D. Himy, M.S. CCC-SLP and Zivia Reischer

Every sentence tells a story; make yours well told

Wednesday, March 20, 2019

Baruch: I’m so pumped for Purim. It makes this whole therapy thing worth it.

Zaidy: Such nachas to hear Baruch’s weekly devar Torah… and understand it.

Chavrusa: I’m so nervous about this chaburah I have to give. Maybe Baruch can help me.



ow was your midwinter vacation?” I ask Baruch.

“Good,” he says, then catches himself. “I mean… I had a good time. I went skiing. With my friends. On Mount Fairy.” [Baruch still talks in short, choppy sentences.]

“Wow, that sounds fantastic.” Baruch’s speed of speech has slowed down, his expression has improved, and he’s aware of the need to use strong language instead of vague words. Now it’s time to work on his sentences.

“Every sentence tells a story,” I explain to Baruch. “To do that, besides using specific terms, every sentence has to have a subject and predicate.” [The subject is a noun, the predicate is a verb. If every sentence is a short story, the subject is who the story is about. The predicate is what happened.]

Baruch groans.

“I’m going to role-play,” I announce. “I’m a yeshivah bochur and I’m telling you what I did on midwinter.” I clear my throat. “We went there. You know, that place, for our off-Shabbos. We called this car rental place. In the end we decided to use the one that’s there in that place that’s nearby. The place we picked rocked. We were there for, like, a long time.”

Baruch writes as I’m talking, so he has a transcript.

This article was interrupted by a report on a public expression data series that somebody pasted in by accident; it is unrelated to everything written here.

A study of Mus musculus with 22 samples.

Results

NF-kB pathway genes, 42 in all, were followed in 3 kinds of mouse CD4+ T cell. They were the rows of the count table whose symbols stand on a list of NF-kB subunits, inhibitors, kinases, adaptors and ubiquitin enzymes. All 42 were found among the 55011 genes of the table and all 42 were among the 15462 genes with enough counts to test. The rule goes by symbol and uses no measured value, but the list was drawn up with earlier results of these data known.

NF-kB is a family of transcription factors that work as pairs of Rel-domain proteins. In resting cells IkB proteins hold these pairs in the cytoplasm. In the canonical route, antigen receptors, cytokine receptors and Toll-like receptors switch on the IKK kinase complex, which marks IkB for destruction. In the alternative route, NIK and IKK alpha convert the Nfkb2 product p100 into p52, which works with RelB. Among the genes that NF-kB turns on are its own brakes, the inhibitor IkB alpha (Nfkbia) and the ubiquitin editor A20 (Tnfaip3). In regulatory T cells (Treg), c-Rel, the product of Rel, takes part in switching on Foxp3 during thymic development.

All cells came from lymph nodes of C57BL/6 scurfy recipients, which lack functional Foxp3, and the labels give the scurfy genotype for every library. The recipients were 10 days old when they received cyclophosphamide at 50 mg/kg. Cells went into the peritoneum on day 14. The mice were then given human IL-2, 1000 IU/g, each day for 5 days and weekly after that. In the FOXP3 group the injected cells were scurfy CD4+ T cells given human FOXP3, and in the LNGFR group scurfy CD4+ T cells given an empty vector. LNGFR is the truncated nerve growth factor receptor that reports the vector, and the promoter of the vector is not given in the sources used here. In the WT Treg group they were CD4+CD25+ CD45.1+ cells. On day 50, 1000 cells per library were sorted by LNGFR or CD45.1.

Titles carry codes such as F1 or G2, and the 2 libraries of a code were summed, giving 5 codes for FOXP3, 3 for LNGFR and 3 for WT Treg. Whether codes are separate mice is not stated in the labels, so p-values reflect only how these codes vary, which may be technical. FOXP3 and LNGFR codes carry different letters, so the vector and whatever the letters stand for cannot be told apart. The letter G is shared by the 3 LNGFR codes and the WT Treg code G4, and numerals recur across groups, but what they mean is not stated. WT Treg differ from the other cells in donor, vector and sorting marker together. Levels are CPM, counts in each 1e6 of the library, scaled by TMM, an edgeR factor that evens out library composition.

“See if you can find all the fillers and nonspecific words,” I say

Baruch circles you know, that place, this car rental, the one that’s there, place, like, and long time. We work on deleting the fillers and replacing the nonspecific words with specific words. Then I direct Baruch to underline the fragments and turn them into complete sentences.

Baruch underlines, You know, that place for our off-Shabbos. The updated paragraph reads: We went to Mt. Fairy for our off-Shabbos. We called Avis car rental. In the end we decided to use Enterprise, which is near the house we were staying in. The ski slope we picked rocked. We were there for the whole day.

This is tough work for Baruch [Since these “incorrect” conversations sound exactly like the way Baruch talks, it’s tough for him to identify which are wrong], but over time, it becomes more natural.

One day as we’re practicing, I ask him to write a few sentences about Purim, and then correct them. He works quietly for a few minutes, then reads aloud, slowly and clearly:

This year we reserved a cool green limo. The guys were deciding who should speak when we’re collecting. I never got picked but I speak much better now. Maybe next year I’ll get picked.

Is Baruch cured? His sentences are still simplistic and do not flow naturally from one to the next. Still, his speech is slower and clearer and has expression. He can express his thoughts in a way that others can understand. He’s definitely on the way to becoming a spokesman.


Take It Home

Presentation matters. To show your best side as you speak, focus on these areas:


Slow down

It’s not enough to simply tell a child to “talk slower”; they have no idea what you mean. Model it and practice together.


Loud and clear

Practice projecting your voice as if you’re talking to someone across the room.


No mumbling

Say every syllable, especially in longer words.


Be specific

Avoid nonspecific words and fillers like thing, stuff, whatever, place, you know, umm, yeah, and okay.


Speak in full sentences

Fragments are vague and leave the listener struggling to fill in the gaps.


Use expression

Stress the important and emotional words as you speak. Communicate with your tone as well as with your words.

Originally featured in Family First, Issue 635. D. Himy is a speech-language pathologist in private practice and creator of the Link-It and STARPower curriculums. The fictional characters in this column represent typical client profiles.